Would you pass on a six-year, $144 million contract hoping you could strike a better deal next year? Probably not. But Max Scherzer, a pitcher with my beloved Detroit Tigers, rejected such an offer. Most of us would consider Scherzer a dope for making this decision.

As a feature in Sports Illustrated points out, however, Scherzer is far from dumb. He graduated high school with a 3.9 GPA and scored a 35 out of 36 on the math portion of the ACT test. He's known as an intelligent man. So why walk away from so much money?

Scherzer has not provided an explanation, but we can see by his actions that he was probably seeking to maximize his earnings -- he believes he can make more money as a free agent next year. In his favor is the fact that this Cy Young award winning pitcher is one of the best in baseball. Yet Scherzer, who is 30 years old, faces the risk of injury or poor performance this year, thereby making a larger salary less likely.

The decision that Scherzer faced mirrors the trade-offs that investors must choose between, albeit in a significantly different tax bracket. If your investment goal is to make as much money as possible, then you've taken an approach similar to Scherzer's. Most of us are better served if, alternatively, we focus on investing with the goal of meeting our financial needs and, hopefully, some of our desires.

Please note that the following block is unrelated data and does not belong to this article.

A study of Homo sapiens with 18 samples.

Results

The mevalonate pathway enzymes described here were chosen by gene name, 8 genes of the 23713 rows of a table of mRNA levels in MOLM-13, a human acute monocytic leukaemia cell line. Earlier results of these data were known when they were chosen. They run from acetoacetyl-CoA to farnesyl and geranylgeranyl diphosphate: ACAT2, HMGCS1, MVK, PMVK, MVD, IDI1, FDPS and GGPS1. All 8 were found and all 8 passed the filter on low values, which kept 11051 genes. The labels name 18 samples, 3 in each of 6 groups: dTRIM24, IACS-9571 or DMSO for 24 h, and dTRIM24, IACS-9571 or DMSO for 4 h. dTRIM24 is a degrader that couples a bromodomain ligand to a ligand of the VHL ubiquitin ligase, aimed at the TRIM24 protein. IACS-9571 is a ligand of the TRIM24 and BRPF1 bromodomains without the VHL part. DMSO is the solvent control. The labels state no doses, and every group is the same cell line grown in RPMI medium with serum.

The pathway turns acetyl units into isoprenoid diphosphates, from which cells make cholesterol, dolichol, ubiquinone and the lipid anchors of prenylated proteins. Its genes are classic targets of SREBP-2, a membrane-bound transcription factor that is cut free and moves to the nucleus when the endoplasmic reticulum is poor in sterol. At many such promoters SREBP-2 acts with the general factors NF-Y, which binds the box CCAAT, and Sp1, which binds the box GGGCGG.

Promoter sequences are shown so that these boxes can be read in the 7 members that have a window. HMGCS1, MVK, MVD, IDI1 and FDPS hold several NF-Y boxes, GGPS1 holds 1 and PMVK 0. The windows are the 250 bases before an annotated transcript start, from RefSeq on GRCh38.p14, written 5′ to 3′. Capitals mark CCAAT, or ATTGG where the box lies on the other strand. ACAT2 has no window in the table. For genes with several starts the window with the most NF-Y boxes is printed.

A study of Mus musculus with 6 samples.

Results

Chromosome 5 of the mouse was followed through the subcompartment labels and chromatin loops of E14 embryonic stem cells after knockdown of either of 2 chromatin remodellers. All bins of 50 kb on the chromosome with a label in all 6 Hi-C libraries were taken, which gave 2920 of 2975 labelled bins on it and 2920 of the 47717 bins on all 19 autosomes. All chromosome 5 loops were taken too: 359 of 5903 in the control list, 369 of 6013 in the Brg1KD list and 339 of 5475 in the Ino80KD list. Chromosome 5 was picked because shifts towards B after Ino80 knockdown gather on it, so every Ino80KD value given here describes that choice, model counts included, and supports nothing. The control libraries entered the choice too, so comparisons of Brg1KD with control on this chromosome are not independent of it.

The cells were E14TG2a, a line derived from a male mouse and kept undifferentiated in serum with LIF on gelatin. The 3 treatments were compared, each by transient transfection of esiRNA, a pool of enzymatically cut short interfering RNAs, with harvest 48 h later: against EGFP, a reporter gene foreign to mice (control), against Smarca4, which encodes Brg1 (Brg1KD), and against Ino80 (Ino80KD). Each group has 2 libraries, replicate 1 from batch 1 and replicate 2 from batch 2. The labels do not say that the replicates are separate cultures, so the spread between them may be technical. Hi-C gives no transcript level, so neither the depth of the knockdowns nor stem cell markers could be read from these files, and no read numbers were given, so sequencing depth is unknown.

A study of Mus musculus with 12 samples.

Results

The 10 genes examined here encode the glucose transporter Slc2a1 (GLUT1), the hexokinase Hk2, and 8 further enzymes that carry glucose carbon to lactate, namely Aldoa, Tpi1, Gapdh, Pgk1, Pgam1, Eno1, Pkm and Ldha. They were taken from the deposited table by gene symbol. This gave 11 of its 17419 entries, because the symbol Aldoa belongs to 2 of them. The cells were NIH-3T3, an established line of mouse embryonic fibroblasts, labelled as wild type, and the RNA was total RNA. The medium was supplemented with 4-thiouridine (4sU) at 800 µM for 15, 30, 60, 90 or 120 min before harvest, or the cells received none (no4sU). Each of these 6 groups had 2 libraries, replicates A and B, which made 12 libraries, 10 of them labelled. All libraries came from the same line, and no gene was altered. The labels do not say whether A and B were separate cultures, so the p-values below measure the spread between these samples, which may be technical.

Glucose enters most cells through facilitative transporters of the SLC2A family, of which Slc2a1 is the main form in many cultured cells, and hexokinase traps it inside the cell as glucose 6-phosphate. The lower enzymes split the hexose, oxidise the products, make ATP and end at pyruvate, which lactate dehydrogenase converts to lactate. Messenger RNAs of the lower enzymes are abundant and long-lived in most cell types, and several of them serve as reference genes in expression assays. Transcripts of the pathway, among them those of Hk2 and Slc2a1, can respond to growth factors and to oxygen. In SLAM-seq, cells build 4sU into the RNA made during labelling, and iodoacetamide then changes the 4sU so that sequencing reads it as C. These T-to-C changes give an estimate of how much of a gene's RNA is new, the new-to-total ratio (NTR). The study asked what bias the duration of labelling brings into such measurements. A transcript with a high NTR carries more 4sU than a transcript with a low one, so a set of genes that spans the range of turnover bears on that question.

Continuing with a baseball theme, pursuing the highest returns possible is like swinging for a home run every time you're up to bat. Yes, the rewards can be quite substantial. But home run hitters tend to strike out more than a batter attempting to knock out singles and doubles.

Think of financial planning as a means to an end -- achieving financial security. Searching for out-sized returns is a high risk proposition that has little to do with this goal. Rather, seek investment returns that allow you to reach your objectives without taking on excessive risk.

Scherzer, of course, had a chance for guaranteed success. He decided to roll the dice instead. The rest of us are not guaranteed a certain investment outcome -- we have to take on some level of risk to allow our money to grow over time. Yet taking on some risk doesn't mean we need to recklessly swing for the fences.

Words of Wisdom

I was in Little League. I was on first base: I stole third. I ran straight across the diamond. Earlier in the week, I learned the shortest distance between two points is a straight line. I argued with the ump that second base was out of my way.